New UAP Program Builds Strong Nurse-Technician Partnerships
by Rebecca Proch
Early in the morning shift in Neuro-science Acute Care, a patient goes into arrest. She’s not one of clinical technician Cecil Harris’s assigned patients, but Harris is among the first to see it and jumps right in to help two colleagues who have initiated CPR.
Other technicians and nursing staff swing into action alongside him. It’s a swift, successful team effort that’s noteworthy for
not being unusual at all.
Samantha Cunius, RN, the SOARING nurse champion for Zayed 12 East, recalls that day’s team effort as one “great experience” among many, as cooperation has become even more common over the past year. The atmosphere of trust, communication, and personal connection between nurses and technicians that was fostered by SOARING, she believes, has led directly to improved patient care. “We used to talk to each other only when we needed to,” she says. “Now, everyone says good morning, and we chat outside of work. Before, everyone just did their job; now, we work together.”
A Lofty Idea
The SOARING program, which rolled out in January 2012 with its first of four cohorts to date, created a work-study program for qualified Unlicensed Assistant Personnel (UAPs) that solved a catch-22 in the hiring process. “We had more than 80 open positions at a time, and not enough qualified applicants,” explains SOARING Program Manager Margo Preston Scott, MSN ‘00, RN, who spearheaded the project. “Part of the issue was that the job requires a year of hospital experience, which newly certified nursing assistants (CNAs) or geriatric nursing assistants (GNAs) wouldn’t have. We’d have RNs taking on those positions just to fill the needs of the unit.”
Working with local community colleges that offer the prerequisite Patient Care Technician II or Nursing Support Technician II courses, SOARING staff recruited students ready to enter the workforce. Candidates were interviewed by participating departments at Hopkins, and those offered a position were invited to participate in the SOARING internship. At the completion of the internship, they are released to work on their units of hire.
The fully paid, year-long program begins with twelve weeks of intensive courses. Instructors work with par-ticipants in small groups of four to six people teaching not only on-the-job technical skills, but also professional ethics, the history and organization of Hopkins, and related subjects. After three months of courses, the UAPs go to work in their units, partnered with an assigned nurse champion.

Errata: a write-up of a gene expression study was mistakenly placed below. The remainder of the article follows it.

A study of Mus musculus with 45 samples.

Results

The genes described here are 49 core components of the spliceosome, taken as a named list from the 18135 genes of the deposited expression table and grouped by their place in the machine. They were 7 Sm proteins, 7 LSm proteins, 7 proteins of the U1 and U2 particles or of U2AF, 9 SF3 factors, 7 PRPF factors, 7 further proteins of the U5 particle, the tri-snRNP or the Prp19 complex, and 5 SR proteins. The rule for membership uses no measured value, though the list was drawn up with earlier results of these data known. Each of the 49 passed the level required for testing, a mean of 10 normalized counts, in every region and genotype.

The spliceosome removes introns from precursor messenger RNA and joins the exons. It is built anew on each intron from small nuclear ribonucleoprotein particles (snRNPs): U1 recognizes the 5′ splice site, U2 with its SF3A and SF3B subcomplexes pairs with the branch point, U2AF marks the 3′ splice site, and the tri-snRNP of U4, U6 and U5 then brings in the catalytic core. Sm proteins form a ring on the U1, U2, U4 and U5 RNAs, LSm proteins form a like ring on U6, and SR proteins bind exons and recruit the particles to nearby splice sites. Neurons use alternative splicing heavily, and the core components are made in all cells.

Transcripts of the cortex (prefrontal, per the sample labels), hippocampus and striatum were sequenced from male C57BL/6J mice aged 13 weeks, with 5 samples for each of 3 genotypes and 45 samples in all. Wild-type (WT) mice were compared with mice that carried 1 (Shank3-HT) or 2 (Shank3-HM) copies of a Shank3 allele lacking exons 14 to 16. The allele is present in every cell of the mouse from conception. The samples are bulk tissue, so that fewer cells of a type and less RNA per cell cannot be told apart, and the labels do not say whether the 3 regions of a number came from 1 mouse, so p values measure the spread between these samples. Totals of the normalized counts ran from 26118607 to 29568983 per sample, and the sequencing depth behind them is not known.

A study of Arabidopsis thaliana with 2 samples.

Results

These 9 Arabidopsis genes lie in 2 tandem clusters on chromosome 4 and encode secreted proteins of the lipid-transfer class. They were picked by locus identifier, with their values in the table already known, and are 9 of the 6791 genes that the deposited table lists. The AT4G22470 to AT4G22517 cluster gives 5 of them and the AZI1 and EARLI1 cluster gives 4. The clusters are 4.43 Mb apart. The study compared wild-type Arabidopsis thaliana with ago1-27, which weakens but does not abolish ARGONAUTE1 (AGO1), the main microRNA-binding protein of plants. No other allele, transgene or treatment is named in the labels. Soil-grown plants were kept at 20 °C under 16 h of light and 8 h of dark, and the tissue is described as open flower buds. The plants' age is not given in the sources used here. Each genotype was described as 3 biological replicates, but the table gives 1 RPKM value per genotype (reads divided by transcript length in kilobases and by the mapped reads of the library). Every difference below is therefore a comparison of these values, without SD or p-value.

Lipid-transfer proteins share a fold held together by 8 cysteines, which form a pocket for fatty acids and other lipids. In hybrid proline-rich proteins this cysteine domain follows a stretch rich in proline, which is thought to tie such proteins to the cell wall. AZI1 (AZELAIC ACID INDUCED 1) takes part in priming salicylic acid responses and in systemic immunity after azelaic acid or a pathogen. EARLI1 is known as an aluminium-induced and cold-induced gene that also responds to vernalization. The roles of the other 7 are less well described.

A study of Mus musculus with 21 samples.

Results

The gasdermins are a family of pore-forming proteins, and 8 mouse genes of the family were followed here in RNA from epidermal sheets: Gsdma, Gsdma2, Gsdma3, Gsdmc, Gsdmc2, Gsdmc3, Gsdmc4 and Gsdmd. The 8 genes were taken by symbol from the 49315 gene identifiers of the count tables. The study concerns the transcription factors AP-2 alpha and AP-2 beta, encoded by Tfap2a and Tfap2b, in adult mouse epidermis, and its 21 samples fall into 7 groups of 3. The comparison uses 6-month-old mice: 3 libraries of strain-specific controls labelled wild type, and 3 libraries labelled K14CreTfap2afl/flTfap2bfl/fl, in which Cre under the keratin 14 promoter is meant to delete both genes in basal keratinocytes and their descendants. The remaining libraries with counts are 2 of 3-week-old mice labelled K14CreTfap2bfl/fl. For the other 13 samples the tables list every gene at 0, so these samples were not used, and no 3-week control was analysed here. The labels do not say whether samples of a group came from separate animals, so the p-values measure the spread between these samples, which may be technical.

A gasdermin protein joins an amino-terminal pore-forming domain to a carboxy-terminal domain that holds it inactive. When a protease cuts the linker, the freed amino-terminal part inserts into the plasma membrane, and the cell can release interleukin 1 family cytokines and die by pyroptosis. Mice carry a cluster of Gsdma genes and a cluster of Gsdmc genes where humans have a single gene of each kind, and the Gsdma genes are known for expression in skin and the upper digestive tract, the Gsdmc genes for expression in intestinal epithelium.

For the remaining nine months, they develop projects to improve work-flow in their units, and attend a monthly SOARING day of speakers and instructors to continue their education and professional development. They also have a strong network in their instructors and their unit colleagues to draw on for mentorship and guidance. The final SOARING day is a graduation day, with time for reflections, poster presentations about their future plans, and words of encouragement and inspiration from the staff. With the initial success of the program, SOARING has expanded to provide comparable professional development training for the entirety of Hopkins’ existing clinical technician staff.
The Personal Touch
What really makes SOARING special, though, is its holistic scope. “It’s much more than a job,” says Harris, the 12 East UAP who just graduated with the first cohort. “The whole time, it’s been about life in general. We’ve made bucket lists, we talk about time management, we deal with things that everyone struggles with. It’s enhanced my life personally in so many ways.” Harris, who had a 30-year career as an electrician before entering the healthcare field, even plays tennis with his nurse champion Sam Cunius, RN, who says she and Harris bonded right off the bat.
“We want to help them build a career path, not just get a job,” says Scott, who calls the program a ‘passion’ for her. “SOARING stands for Success, Ownership, Accountability, Respect/Responsibility, Independence, Integration, and Growth, and these are the core values we teach in our program. We help UAPs work on those things so they can practice at the highest professional level and build confidence.”
From Connection to Competence
Cunius jumped at the chance to become a nurse champion in the SOARING pilot units. “I was hired as a UAP and moved into an RN role from there,” she says, “so I’m really able to relate to both sides of the technician-nurse relationship, and I could see how this program would strengthen that partnership.”
Other units have been impressed by the deeply connected culture in 12 East over the past nine months. “Everyone had questions about it at first,” says Cunius, “but now they’re excited about getting new techs. And the program makes it easier for the UAPs to ask questions or ask for help, which is sometimes hard for technicians to feel comfortable doing. They take a lot of ownership, and that really helps us work as a team to provide the best front-line care for our patients.”
Harris loves his job and says he never misses a day if he can help it. “It makes you think, how can you in your lifetime work on something that improves someone else’s life?” he muses. “This is really my calling. I came to it late, but so what? I feel like I’m part of a family here, part of an organism that’s bigger than me, and I love what I do.”